Dearest Rachel –
There’s a lot of wrenching decisions to be made in the process of cleaning up the house. One of those is the question of what to do with all the artwork. Like with the pictures of your family going back generations and then out several times removed, I have no emotional connection to them.
But it seems almost blasphemous to simply throw out art, even art created out of junk, like your dad was wont to do.
At the same time, there isn’t really any place for it in the house, and it’s not like I’m likely to display it at any point in time. So I’m stuck with the dilemma of what to do. Ellen has pointed out that, even if someone shopping at Goodwill isn’t really that interested in the art, they might be interested in a frame – because they cost money, too. After all, she would know: she’s the one that got Daniel’s artwork framed, and that set her back to the tune of a thousand dollars or so.
So, okay, send it to Goodwill, and let whoever buys it determine whether or not to keep the artwork. I still don’t feel entirely comfortable about that, but these are the hard choices.
The thing is, this picture was done by your mom before she met your dad (hence the signature Jo Gecsy – indeed, I thought I remembered you referring to the picture’s title as “Help Me, Mrs. Gecsy!” rather than the more everyman title “Help Me, Teacher!” that she actually signed it with), after her first husband passed away, and she went back into teaching to make a living. Presumably, some of her students might even recognize themselves, if they squint hard enough. So it has a family story behind it, that gives it a little more meaning to us than it would to anyone else who might own it.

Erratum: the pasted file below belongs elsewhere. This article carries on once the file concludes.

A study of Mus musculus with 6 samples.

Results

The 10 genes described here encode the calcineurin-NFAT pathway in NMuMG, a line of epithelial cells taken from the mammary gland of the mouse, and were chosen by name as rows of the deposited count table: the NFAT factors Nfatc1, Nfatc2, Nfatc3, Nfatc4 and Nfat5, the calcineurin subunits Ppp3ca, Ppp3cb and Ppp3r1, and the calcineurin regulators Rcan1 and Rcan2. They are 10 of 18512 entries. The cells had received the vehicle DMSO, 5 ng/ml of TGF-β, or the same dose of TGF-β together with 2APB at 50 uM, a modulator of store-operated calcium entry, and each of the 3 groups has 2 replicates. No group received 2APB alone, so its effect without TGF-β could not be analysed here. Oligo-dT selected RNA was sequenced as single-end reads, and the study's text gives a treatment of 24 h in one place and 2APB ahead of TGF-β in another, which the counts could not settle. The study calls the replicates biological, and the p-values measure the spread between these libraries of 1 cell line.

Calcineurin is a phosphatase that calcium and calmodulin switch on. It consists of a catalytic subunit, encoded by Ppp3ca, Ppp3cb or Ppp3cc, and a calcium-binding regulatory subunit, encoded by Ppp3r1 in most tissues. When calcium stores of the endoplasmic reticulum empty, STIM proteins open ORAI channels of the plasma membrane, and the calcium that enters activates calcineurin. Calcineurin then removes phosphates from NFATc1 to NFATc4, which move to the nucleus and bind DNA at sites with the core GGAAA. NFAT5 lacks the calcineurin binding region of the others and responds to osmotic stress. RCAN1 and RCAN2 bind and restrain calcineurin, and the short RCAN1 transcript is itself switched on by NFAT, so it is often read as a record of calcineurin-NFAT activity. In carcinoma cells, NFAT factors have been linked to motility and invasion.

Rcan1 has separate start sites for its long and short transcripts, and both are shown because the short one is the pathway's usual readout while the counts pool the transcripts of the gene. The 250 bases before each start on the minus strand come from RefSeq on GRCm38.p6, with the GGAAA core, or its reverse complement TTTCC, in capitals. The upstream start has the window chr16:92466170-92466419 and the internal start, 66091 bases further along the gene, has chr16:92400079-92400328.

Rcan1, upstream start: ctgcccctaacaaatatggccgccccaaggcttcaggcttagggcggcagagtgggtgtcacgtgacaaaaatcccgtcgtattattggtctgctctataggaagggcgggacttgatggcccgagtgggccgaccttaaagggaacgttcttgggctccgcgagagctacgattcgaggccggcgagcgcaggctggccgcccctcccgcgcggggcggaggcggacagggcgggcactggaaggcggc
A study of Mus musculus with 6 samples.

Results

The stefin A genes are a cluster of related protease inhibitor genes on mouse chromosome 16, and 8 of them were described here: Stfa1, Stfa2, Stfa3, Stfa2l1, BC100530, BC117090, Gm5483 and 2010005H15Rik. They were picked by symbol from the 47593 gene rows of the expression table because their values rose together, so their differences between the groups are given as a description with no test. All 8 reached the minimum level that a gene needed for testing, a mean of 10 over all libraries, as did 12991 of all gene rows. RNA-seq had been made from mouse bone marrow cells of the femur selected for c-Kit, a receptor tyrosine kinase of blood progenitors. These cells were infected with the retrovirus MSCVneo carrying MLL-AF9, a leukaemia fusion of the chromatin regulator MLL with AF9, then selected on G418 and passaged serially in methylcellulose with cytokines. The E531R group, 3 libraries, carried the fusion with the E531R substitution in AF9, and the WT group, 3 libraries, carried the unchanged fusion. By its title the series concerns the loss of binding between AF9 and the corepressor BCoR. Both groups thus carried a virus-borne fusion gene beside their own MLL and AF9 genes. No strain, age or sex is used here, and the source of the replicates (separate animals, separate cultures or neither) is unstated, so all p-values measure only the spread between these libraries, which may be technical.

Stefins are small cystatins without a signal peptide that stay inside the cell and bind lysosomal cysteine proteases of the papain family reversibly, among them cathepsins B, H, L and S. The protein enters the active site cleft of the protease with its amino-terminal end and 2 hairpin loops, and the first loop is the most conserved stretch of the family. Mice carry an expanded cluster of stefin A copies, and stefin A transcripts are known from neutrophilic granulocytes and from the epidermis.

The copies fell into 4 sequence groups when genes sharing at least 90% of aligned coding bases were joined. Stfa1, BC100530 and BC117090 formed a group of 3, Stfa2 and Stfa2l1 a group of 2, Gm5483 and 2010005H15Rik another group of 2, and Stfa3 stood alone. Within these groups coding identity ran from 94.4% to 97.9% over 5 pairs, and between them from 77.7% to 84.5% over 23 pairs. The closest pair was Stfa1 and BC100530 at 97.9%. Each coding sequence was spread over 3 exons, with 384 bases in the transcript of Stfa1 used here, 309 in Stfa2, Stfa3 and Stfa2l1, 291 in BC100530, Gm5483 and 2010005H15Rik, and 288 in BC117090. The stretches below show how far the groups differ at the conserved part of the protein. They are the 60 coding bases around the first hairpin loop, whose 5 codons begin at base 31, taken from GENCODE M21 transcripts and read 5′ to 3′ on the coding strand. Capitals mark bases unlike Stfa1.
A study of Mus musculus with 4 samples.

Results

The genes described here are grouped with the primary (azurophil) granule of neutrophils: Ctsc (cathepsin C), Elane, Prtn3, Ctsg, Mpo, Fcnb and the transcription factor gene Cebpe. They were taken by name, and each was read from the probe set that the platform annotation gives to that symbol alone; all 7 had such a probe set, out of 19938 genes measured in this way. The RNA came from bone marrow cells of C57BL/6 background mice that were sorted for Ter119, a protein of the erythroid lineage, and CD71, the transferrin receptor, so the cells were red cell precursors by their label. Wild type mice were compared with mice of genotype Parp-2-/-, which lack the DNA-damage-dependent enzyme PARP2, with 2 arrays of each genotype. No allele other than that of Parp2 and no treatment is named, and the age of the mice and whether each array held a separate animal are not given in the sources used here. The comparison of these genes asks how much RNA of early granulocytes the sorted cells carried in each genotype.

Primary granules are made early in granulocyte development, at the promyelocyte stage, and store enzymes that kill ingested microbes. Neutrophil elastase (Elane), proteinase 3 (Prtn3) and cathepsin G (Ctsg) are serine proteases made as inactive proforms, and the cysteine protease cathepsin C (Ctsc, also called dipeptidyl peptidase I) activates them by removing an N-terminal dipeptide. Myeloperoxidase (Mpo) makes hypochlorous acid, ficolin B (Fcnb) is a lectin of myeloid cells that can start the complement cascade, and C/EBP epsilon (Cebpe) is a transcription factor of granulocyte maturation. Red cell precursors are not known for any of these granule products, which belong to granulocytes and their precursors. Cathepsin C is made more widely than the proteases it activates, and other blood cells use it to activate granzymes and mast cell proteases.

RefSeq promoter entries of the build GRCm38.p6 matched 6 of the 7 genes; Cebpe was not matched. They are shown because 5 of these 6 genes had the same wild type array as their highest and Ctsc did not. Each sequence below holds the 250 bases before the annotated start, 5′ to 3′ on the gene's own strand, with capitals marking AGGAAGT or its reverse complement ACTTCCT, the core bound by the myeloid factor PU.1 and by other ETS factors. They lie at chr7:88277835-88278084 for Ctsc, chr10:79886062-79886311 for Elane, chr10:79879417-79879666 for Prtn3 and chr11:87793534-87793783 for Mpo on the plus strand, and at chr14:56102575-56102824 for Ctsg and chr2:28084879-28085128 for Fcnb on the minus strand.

And yet, for me, that meeting is secondhand at best. But it’s still more then would be had by the average art patron.
Anyway, it was along for the ride with a good half dozen boxes and a couple of garbage bags full of material we were donating. When Jan and I got to the donation drop-off point, I hit the button to open the trunk automatically, like my car does… only to hear a rattling crash.
It turns out, the picture was set in the trunk on something of an angle, and as the hatchback opened, it slid right out onto the ground. The frame stayed intact, but the glass absolutely shattered.
By sheer force of serendipity, they were some rubber work gloves in the room where Goodwill keeps their bins. So Jan and I grab a couple pairs, along with a wastebasket from the same area, and load all the broken glass into the rubbish.
But now, what happens with the picture? Who’s gonna be interested in it now, since the frame isn’t even complete anymore?
I couldn’t countenance the idea of it simply being thrown out, just because the glass was broken. So while Jan wasn’t looking, I just slipped it back into the the trunk again. I’ll figure out something.
I’m sorry, Jan.
And I’m sorry, Jo… or should I say, Mrs. Gecsy?